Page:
Above: Navy Veteran Jim Wall climbs the stairs at Mt. Soledad on February 15th, 2014.

Lawyers for the Mt. Soledad Memorial Association on Tuesday filed a petition to send a long-running court battle over the fate of a 43-foot cross in the hills above La Jolla directly to the U.S. Supreme Court.

The association is appealing a recent district court order to have the cross removed. The nation's high court refused to hear the case two years ago.

Judge Larry Burns issued his order in December in response to a 2011 decision by the 9th Circuit Court of Appeals, which ruled that the memorial violates the First Amendment. The judge stayed his order until all appeals are exhausted.

"Due to the unique circumstances and the gravity of the Mt. Soledad Veterans Memorial case, we wanted to give the Supreme Court an opportunity to take the case now if they choose — since they will be deciding it eventually," said Kelly Shackelford, president and CEO of the Liberty Institute, which has taken up the association's cause.

"We are hopeful that, once and for all, the court will settle this question of the constitutionality of the Mt. Soledad Veterans Memorial, as the fate of hundreds of other similar veterans memorials hang in the balance," Shackelford said.

Association President and CEO Bruce Bailey said members of his organization were eager to see the case go before the high court.

Erected in 1954, the memorial is the nation's oldest Korean War Veterans Memorial, containing more than 3,300 plaques honoring the sacrifice and service of members of the armed forces.

The memorial association indicated after Burns' ruling that it would appeal the decision by Burns, who noted his disagreement with the appellate decision.

The cross has has been the subject of legal challenges for the past 24 years. In 2006, the federal government, through an act of Congress, obtained the title to the cross and its surrounding property by eminent domain, and declared the cross to be a national war memorial.

The Jewish War Veterans of the United States of America and several local residents, all of whom were represented by the American Civil Liberties Union and the ACLU of San Diego and Imperial counties, filed suit that same year to get the cross taken down.

They contend the memorial should not have one predominant religious symbol.


mlcred | March 5, 2014 at 8:47 a.m. ― 3 years ago

"Erected in 1954, the memorial is the nation's oldest Korean War Veterans Memorial..."

Is this directly from the war memorial group PR pamphlet?

Truth is it was called the Easter Cross when first erected in 1954 and didn't become a "war memorial" until AFTER the first suit was brought in 1989.

We expect better reporting from PBS.


lifesaver1 | March 6, 2014 at 6:56 a.m. ― 3 years ago

Is it coincidental that the cross was placed above a town (La Jolla) with a history of institutionalized discrimination toward Jews?


Flagsrus | March 6, 2014 at 8:46 a.m. ― 3 years ago

Replace the cross with the worlds biggest United States flag visible for miles around. You can't argue against the flag.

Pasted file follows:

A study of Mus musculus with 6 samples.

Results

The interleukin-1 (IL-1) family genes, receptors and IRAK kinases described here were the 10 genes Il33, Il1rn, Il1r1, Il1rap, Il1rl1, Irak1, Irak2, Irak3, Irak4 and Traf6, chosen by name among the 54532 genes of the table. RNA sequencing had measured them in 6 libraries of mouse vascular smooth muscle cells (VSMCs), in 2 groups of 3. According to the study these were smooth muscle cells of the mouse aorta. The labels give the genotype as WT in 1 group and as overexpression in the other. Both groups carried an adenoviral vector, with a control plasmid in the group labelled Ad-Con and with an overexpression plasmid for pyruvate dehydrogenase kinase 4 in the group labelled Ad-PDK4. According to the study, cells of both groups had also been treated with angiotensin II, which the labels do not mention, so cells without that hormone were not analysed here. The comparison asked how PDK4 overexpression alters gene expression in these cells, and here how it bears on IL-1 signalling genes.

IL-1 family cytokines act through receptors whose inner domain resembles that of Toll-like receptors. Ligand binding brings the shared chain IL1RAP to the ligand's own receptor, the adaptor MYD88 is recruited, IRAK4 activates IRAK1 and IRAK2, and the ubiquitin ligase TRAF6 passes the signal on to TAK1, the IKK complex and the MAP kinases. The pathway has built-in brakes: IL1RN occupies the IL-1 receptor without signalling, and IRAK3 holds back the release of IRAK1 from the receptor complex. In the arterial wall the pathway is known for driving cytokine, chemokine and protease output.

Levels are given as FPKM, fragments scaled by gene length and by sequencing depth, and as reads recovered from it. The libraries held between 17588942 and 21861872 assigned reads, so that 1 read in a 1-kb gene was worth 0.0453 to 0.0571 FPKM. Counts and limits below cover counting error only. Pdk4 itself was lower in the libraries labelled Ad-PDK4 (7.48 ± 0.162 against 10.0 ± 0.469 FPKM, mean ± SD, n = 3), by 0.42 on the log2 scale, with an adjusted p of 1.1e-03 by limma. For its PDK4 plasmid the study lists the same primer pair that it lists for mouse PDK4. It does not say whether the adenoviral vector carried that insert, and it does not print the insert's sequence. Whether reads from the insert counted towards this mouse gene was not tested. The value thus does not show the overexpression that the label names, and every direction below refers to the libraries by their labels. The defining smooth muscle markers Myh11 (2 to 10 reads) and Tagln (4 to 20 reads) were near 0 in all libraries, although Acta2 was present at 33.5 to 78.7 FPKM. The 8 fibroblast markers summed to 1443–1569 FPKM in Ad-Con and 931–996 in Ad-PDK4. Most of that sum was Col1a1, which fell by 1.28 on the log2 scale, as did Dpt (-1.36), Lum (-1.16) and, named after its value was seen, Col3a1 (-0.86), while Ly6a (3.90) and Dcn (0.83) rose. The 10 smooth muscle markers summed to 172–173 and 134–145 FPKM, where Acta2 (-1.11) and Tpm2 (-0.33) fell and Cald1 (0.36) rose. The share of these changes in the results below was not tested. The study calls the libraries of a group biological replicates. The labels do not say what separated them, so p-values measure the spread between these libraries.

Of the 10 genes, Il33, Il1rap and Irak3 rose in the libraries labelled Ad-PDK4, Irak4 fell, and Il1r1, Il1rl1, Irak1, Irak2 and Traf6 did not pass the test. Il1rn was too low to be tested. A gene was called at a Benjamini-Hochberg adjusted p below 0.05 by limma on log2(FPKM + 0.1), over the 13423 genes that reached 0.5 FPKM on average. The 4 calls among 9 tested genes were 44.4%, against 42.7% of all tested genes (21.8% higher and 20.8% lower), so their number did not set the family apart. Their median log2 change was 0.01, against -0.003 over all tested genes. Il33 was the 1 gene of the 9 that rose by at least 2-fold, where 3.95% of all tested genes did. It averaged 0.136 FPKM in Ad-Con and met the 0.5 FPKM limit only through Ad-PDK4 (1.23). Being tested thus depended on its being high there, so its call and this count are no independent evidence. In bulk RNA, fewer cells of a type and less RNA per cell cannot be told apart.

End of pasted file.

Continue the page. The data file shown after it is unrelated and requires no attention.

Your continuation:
Frankie | March 6, 2014 at 11:31 a.m. ― 3 years ago

Thank you, mlcred, for correcting KPBS' misrepresentation about the Mt. Soledad Christian Cross. The site was commonly used for Easter sunrise services until it was ginned into a "war memorial" by La Jolla Beach and Tennis Club owner Bill Kellogg and others in the "Mt. Soledad Memorial Association" after 1989.

And thank you, Flagsrus, for your suggestion that would be embraced by everyone on both sides of this contentious issue.


sdreefer21 | March 6, 2014 at 2:39 p.m. ― 3 years ago

How about the people vote?? It is such a community icon/ contested issue. Let the democratic process do its job. The intent and spirit of the separation of church and state has little to do with a cross on a piece of land public or private.


JeanMarc | March 6, 2014 at 2:55 p.m. ― 3 years ago

They don't want to vote because only about 5% of people want it removed. The rest like it or don't care. Angry little atheists wonder why people hate them when they spend all their time whining and complaining about things like this.

I really believe they just have nothing better to do. Normal people do not care that much about things like this. Even if it was a crescent moon on the hill, I would not try to get it removed. It wouldn't bother me.

Mass surveillance? Giving my tax dollars to welfare leeches? Police brutality? Now those are worth talking about.


JesseAndrew | March 6, 2014 at 3:06 p.m. ― 3 years ago

“Erected in 1954, the memorial is the nation's oldest Korean War Veterans Memorial, containing more than 3,300 plaques honoring the sacrifice and service of members of the armed forces.”

I can’t really hold that misstatement against the writer, since he didn’t write it, but simply repeated without sourcing… I think there’s a word for that.

Adding the plaques was and is simply a means to an end, and is a dishonor to veterans everywhere because honoring veterans is not the true reason the plaques were added.


JeanMarc | March 6, 2014 at 3:39 p.m. ― 3 years ago

JesseAndrew how dare you presume to know the "real" reason that the plaques were added and accuse people of lying. Are you psychic? You know the true intention in peoples mind when they added the plaques?